Collaboration’s the key to Reid Jamieson’s success


      “I’ve worked in the music business for a long time,” Mill asserts, in a telephone interview from the couple’s West End apartment. “I was [Toronto singer and media personality] Molly Johnson’s assistant for 15 years, and then I worked for Richard Flohil, the publicist, and then for ACTRA and some talent agencies, so I saw some stuff. And the overwhelming thing that comes to me is that the music business is a bit broken, and maybe set up for people who enjoy sleeping on couches and eating bad food. But for us, I thought, Reid’s a fairly gifted singer and player, and that’s maybe not the path he should take.”

      So while Jamieson got to work crafting songs, Mill began placing those ditties in some very visible places. Jamieson, for instance, is a regular on CBC Radio’s Vinyl Cafe, and had the smarts to pen a birthday ditty, “Hey Big Kid”, for host Stuart McLean’s 65th. The duo’s penchant for entering songwriting contests has also paid off: they played their way onto the Vancouver Folk Music Festival main stage in 2011 and have become annual fixtures since then. Meanwhile, Jamieson’s “Rail” was a grand-prize winner in the folk-song category in the 2012 edition of the John Lennon Songwriting Contest, and he and Mill have landed their tunes in a number of movies and TV shows. And this month they’ve got a high-profile gig in Toronto, opening for the Cowboy Junkies at the release party for their new Kennedy Suite.

      Mill and Jamieson are not quite making a living from their art—she works part-time for a nonprofit; he’s got a union gig as a server at a downtown hotel—but they’re getting closer to it. And they’re clearly enjoying their mutual endeavours. Mill repeatedly swears undying love to her husband during the course of our interview, while his 2011 release Staring Contest contains three marriage proposals set to music. Not coincidentally, the two had gotten hitched the year before.

      They’re cute. Almost too cute, at least when Mill shares the story of their most recent songwriting collaboration.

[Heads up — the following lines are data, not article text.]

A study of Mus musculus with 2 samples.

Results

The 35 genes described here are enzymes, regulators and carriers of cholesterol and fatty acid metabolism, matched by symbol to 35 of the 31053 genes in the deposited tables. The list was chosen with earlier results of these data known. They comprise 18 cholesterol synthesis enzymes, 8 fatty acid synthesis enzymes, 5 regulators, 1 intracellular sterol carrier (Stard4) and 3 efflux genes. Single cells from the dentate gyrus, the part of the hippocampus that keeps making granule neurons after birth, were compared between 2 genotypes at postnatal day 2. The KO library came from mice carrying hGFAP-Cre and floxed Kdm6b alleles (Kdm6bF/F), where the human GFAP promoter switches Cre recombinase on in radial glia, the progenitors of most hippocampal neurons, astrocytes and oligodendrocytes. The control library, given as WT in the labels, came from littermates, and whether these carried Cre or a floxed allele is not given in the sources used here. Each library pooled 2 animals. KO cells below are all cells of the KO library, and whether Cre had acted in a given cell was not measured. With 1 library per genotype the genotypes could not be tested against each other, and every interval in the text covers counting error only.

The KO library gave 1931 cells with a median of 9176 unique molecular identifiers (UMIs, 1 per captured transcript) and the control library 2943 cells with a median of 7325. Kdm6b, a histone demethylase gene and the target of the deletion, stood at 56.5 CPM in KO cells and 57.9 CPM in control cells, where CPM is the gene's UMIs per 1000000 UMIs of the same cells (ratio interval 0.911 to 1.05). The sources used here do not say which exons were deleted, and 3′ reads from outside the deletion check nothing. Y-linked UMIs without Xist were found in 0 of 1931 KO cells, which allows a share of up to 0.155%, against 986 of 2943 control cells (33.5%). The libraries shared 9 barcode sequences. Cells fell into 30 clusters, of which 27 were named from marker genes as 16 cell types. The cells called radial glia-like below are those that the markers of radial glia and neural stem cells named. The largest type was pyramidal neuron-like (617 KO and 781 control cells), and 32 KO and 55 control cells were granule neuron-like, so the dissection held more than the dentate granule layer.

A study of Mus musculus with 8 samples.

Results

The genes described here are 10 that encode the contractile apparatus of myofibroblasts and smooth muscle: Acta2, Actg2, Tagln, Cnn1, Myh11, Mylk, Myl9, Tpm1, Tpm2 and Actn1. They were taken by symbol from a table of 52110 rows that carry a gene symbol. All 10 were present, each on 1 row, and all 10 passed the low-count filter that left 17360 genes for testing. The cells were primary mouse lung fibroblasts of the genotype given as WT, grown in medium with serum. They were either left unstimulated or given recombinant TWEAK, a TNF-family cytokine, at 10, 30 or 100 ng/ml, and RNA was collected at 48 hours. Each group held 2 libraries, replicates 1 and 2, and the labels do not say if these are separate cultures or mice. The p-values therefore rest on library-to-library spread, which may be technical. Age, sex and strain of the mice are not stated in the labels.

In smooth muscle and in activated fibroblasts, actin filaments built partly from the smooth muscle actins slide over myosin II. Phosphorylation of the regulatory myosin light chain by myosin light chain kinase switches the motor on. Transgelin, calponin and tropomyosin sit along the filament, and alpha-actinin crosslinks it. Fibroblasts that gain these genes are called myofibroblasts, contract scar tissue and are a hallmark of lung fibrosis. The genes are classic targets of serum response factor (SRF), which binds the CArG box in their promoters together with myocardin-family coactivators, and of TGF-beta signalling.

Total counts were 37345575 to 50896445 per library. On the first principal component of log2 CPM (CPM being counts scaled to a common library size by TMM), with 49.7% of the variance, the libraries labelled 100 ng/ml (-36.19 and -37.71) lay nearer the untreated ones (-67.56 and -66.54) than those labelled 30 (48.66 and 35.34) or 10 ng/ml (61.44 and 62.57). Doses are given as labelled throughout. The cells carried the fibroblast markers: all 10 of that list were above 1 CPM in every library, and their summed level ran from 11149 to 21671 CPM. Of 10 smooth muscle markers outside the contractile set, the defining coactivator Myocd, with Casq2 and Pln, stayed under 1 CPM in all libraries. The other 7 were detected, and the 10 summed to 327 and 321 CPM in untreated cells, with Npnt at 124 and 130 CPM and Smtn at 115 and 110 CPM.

“Last night I was in the tub, and Reid was supervising my bath, as he often does,” she confesses. “I just sort of sang a little line, something I was thinking, and he just walks out of the room, comes back with a guitar, and plays exactly what I’m hearing in my head. I don’t know how he does that, but he totally played what I was hearing in my head. So then I towelled off and we sat down and started to plug through it.”

      Jamieson is considerably more reticent, but he gets audibly excited when talking about the technical aspects of his art form. And the biggest piece of advice he has for budding songwriters is to record everything, a tip he picked up from The Frustrated Songwriter’s Handbook, by tunesmiths Karl Corvat and Nicholas Dobson.

      “What they suggest is that you take 12 hours where you are not going to be interrupted by anybody,” he says. “The only thing you’re allowed to do is write songs. You can go for a short walk if you want to, just to clear your head, but you’ve got to write 20 songs in one day. And you have to record them, so you get a little sketch out of them.

      “They’re not finished songs, but what you can then do is take the ones that you like and work on them. Some of them you might never want to hear again, but with some of them you go ‘That’s got to be finished.’ ”

      No doubt it helps that even when Jamieson is locked away in his home studio, he’s got a steady source of inspiration right next door.

      “Carolyn will say something,” he says happily, “and I’ll go ‘I’m just going to write that down. That’s a line of a song, to me.’ ”

      “He’ll pull out the guitar and just makes everything seem like it was a lovely idea,” Mill adds, laughing. “But I would have wasted it on a tweet!” 

      Reid Jamieson plays the St. James Hall on Saturday (November 16).